The area may have become devegetated as huge herds of cattle grazed it or as it was extensively farmed; recent environmental data suggest that a succession of severe droughts caused people to disperse. Or there may have been some other impetus, such as war, although there is no evidence besides minimal weaponry to support this argument. More archaeological clues, further digs at Great Zimbabwe and excavations at other Iron Age sites are needed to resolve the question of decline.
Plunder and Misappropriation
LARGELY ABANDONED for 200 years or so, Great Zimbabwe was probably used only irregularly for religious ceremonies--as it is again today--until the late 1800s. It was then that Europeans arrived, lured by visions of gold from King Solomons mines, and it was then that the archaeological record became so damaged as to become largely indecipherable.
A German explorer, Karl Mauch, was first to arrive, in 1871. He befriended another German, Adam Render, who was living in the tribe of Chief Pika, a Karanga leader, and who led him to Great Zimbabwe. (Had he known the outcome, Render, who was married to two tribeswomen and well integrated, might have steered Mauch into the Zambezi River.) On seeing the ruins, Mauch concluded very quickly that Great Zimbabwe, whether or not it was Ophir, was most certainly not the handiwork of Africans. The stonework was too sophisticated, the culture too advanced. It looked to Mauch to be the result of Phoenician or Israelite settlers. A sample of wood from a lintel bolstered Mauchs rapid assessment: it smelled like his pencil; therefore, it was cedar and must have come from Lebanon.
Mauchs visit was followed by one from Willi Posselt, a looter, who lugged off a carved soapstone bird and hid others so he could return for them later. Posselt was followed by a series of visitors, some of whom worked for W. G. Neal of the Ancient Ruins Company, which had been created in 1895. Cecil Rhodes, founder of the British South Africa Company, gave Neal a commission to exploit all Rhodesian ruins. Neal and his rogues pillaged Great Zimbabwe and other Iron Age sites, taking gold and everything of value, tearing down structures and throwing away whatever was not valuable to them (pottery shards, pots, clay figurines).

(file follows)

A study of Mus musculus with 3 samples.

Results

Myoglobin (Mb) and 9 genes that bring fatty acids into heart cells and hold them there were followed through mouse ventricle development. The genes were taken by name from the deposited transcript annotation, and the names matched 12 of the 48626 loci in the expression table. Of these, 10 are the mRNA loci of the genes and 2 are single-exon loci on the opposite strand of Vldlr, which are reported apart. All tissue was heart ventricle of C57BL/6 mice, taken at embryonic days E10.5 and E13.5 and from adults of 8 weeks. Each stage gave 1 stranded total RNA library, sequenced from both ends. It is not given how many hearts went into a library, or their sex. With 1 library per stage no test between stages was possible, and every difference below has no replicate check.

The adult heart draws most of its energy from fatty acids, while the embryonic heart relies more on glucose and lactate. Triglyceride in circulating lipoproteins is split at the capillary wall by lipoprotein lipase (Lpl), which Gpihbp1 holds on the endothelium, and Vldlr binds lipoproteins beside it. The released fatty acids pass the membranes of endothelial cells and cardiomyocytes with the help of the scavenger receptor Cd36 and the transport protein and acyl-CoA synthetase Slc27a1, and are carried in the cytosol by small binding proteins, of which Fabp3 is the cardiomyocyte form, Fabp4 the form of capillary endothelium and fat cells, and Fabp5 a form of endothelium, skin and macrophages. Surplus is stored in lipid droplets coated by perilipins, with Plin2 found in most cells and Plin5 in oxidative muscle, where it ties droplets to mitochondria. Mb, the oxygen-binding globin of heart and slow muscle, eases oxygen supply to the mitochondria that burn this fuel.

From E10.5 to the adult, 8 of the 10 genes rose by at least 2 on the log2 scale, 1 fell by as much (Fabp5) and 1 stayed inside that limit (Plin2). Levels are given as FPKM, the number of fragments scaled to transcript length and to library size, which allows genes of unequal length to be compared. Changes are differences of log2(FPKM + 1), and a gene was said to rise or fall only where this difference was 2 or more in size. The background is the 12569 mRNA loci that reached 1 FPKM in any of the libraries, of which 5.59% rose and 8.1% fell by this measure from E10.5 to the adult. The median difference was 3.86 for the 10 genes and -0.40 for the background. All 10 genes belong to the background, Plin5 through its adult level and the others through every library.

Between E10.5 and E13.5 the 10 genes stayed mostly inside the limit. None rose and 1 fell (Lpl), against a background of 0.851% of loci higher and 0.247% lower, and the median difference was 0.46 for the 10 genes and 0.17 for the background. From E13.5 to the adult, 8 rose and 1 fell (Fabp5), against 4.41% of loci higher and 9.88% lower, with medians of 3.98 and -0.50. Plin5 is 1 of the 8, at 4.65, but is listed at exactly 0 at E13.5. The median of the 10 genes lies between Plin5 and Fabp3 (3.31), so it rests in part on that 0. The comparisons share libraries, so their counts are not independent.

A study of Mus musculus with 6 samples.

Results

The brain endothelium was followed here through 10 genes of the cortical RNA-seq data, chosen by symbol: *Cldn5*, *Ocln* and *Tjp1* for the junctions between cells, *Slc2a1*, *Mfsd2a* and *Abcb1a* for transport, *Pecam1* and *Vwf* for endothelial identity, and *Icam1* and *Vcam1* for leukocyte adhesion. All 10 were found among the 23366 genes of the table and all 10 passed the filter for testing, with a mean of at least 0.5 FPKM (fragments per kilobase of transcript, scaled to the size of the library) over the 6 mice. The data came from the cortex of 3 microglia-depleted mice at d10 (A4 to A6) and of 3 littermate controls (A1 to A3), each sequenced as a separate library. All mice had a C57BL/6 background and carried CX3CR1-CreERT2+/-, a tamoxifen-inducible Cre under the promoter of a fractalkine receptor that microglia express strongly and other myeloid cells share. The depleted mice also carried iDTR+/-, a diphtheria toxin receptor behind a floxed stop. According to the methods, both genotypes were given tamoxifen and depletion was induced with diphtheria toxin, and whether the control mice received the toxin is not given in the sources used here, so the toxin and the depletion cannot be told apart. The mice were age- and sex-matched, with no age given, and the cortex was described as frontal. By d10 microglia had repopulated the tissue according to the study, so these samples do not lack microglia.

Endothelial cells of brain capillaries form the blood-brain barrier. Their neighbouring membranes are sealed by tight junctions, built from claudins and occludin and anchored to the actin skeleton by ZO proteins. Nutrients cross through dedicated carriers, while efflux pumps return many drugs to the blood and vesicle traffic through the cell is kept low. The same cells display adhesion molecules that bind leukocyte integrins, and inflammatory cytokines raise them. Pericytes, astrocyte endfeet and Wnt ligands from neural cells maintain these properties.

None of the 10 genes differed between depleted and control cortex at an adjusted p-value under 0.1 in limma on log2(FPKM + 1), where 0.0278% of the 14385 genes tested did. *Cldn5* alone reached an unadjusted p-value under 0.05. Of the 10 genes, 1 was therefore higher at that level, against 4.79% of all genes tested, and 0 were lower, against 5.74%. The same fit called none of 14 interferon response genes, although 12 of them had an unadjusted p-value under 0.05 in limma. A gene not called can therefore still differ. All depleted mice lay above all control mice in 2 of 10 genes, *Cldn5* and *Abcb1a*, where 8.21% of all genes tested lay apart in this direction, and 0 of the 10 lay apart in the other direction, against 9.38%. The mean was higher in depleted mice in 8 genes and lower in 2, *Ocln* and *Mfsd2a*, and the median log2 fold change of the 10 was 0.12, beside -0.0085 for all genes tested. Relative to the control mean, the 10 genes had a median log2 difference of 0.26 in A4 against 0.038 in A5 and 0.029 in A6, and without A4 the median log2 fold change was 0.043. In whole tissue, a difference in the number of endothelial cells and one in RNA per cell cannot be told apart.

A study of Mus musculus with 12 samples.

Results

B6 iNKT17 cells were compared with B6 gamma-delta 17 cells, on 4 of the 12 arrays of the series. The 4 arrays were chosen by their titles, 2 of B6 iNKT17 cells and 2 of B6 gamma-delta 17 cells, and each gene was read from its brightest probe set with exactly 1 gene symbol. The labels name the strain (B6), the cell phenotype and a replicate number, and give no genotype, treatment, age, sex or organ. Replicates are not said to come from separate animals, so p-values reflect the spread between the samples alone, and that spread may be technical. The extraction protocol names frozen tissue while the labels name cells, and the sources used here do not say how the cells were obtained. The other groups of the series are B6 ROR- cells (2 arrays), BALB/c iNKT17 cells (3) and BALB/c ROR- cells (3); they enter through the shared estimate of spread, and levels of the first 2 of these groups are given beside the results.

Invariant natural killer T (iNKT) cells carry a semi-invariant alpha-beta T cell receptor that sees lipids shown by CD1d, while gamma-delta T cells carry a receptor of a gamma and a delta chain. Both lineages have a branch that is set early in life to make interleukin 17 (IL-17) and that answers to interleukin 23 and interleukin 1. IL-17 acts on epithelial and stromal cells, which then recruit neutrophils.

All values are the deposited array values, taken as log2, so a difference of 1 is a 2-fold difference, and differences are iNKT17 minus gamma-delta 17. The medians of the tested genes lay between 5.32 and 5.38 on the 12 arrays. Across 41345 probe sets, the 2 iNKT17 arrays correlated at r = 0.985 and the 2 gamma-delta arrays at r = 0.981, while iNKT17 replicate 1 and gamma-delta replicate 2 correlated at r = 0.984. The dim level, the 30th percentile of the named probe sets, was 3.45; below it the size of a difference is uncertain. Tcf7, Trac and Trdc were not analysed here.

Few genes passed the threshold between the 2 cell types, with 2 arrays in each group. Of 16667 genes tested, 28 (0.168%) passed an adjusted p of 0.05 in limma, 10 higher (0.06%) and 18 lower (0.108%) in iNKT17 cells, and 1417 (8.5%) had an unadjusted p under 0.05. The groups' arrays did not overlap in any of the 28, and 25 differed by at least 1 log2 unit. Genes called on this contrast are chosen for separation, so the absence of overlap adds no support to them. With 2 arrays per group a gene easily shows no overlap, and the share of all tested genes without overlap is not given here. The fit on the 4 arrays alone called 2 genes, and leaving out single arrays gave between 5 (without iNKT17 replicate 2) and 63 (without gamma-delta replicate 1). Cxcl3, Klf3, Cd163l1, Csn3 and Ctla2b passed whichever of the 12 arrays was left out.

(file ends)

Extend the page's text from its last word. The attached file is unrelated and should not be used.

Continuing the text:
The first official archaeologist to visit the site, James Theodore Bent from Britain, had added to the confusion in 1891 by digging around the conical tower in the Great Enclosure--thereby completely destroying the stratigraphy and making it impossible for later archaeologists to make sense of its age. Bent also threw away clay and metal artifacts, including Persian and Arab trade beads, as insignificant. The archaeologist concluded that Great Zimbabwe had been built by a local bastard race--bastards because their fathers must have been white invaders from the north--because, as Rhodes and most European settlers maintained, native Africans could never have constructed Great Zimbabwe themselves.
A 1902 report written by Neal and a journalist named Richard N. Hall reiterated Bents conclusions: the architecture was clearly Phoenician or Arabian. This attitude was pervasive in colonialist Africa: the continent had no history, no sophistication; its people and tribes were unchanging, unable to develop, culturally barren.
Archaeologists who suggested otherwise were not well received. In 1905 David Randall-MacIver, an Egyptologist who had studied under the famous William Matthew Flinders Petrie, excavated at the site and uncovered artifacts very similar to the ones being used by Shona, or Karanga, people living in the vicinity. By turning to indigenous people for cultural clues and interpretation rather than just for labor, Randall-MacIver was indeed doing something unprecedented. Had any other investigators of the time drawn on the lore or knowledge of the local people, many of the questions about Great Zimbabwe might well have been answered.